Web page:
A couple of months ago (May 2002) CNPS filed a lawsuit with the Sierra Club and Wetlands Action Network against the California Coastal Commission, City of Oxnard, and North Shore at Mandalay over the Commission’s decision to approve Oxnard’s amendment to their Local Coastal Plan (LCP) to allow the North Shore development to be built.
We contend that the Commission violated policies under the Coastal Act designed to protect coastal resources, including coastal dunes, wetlands, and sensitive species habitats. The Commissioners were heavily lobbied by the City politicians and North Shore developers and largely ignored Commission staff and environmental organizations recommendations to protect coastal resources. Staff recommended a 100-foot buffer between sensitive habitats and the development; however, the Commissioners cut that in half after the developer complained. Since CNPS believes that the Commission violated the Coastal Act by voting to allow destruction of sensitive coastal habitats to allow a housing development, we chose to challenge that decision, which could only be challenged through the courts. We have had one settlement meeting with all the parties to the suit; however, no agreements have been reached to date to facilitate settlement of our concerns: violation of Coastal Act policies. - David Magney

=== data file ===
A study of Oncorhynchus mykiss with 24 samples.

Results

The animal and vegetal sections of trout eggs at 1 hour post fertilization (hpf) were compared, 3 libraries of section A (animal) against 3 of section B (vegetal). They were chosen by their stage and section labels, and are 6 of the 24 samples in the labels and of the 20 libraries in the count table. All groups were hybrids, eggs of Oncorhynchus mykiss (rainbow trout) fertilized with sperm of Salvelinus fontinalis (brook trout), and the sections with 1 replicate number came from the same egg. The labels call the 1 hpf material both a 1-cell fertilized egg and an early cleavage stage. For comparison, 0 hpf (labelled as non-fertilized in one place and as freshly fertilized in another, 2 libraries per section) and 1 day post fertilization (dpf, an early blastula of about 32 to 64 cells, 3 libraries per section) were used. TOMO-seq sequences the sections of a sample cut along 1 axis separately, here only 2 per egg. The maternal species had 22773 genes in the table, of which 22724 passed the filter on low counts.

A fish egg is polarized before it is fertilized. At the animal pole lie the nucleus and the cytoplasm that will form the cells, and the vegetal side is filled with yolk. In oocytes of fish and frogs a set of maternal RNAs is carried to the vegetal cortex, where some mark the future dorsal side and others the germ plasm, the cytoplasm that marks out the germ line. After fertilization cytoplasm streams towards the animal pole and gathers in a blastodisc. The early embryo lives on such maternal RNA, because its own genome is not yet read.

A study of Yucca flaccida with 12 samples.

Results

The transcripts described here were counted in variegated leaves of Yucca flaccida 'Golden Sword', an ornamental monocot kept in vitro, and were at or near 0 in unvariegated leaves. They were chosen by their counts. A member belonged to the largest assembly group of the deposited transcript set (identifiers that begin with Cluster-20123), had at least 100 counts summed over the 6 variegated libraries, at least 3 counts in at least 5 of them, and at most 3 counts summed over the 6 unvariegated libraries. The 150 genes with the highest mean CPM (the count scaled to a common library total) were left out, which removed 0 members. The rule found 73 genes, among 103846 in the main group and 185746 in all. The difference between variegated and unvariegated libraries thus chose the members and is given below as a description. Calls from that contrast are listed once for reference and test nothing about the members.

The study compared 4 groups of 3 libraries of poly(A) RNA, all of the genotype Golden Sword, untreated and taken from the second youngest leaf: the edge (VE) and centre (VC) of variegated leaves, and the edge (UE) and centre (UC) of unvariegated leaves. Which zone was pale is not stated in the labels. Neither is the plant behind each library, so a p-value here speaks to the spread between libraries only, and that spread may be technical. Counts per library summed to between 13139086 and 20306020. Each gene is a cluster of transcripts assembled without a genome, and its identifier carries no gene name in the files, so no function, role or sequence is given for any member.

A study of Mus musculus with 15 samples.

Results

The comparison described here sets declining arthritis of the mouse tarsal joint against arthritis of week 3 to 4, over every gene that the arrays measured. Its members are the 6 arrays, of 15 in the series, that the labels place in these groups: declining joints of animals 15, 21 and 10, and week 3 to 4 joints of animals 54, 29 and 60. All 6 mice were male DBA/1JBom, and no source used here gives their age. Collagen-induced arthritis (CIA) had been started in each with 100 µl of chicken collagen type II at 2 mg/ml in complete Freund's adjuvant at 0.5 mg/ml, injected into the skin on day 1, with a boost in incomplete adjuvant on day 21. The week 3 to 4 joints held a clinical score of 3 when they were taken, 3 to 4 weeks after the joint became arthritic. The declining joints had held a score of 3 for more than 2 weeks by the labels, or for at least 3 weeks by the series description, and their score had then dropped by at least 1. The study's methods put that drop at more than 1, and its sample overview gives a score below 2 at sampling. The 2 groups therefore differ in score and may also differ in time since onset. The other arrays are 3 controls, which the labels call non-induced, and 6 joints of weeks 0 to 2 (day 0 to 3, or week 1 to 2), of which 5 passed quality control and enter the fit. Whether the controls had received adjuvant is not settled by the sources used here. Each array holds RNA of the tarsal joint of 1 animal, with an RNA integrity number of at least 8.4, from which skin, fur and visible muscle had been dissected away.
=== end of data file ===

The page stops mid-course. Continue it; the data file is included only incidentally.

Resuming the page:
CNPS’s lawsuit against the Coastal Commission’s vote to override it’s own resource protection policies to facilitate an exclusive housing development (in Oxnard – the North Shore development) will be heard in early January. The Sierra Club and Wetlands Action Network join CNPS in requesting the court to overturn the Commission’s decision. The housing development project will impact coastal wetlands, coastal dune scrub, and habitat of rare plant and wildlife species, including the endangered Ventura Marsh Milkvetch, Silvery Legless Lizard, San Diego Coast Horned Lizard, and other species.
Ventura County Superior Court Judge Kent M. Kellegrew made his decision on our complaint regarding the Coastal Commission’s decision to ignore Coastal Act policies regarding prohibition of permanent onsite destruction of Environmentally Sensitive Habitats (ESHAs), such as wetlands, at the North Shore development site in Oxnard. The judge decided in favor of the Coastal Commission, explaining that conflicting California laws allowed the Commission to “balance” competing/conflicting policies. While we agree that under certain circumstances balancing between conflicting policies is allowed, we disagree with how it was used in this case. One of the biggest problems with the judge’s decision is that he bought hook and sinker the City of Oxnard’s/North Shore’s claim that Oxnard’s drinking water supply was at risk of contamination from the oil wastes that had been dumped at the North Shore site. This is simply false! There is no risk to drinking water at all, period! Nothing has migrated offsite, and the top two groundwater aquifers are never used for domestic, or agricultural purposes anywhere near the site. CNPS is now considering appealing this bad judgment.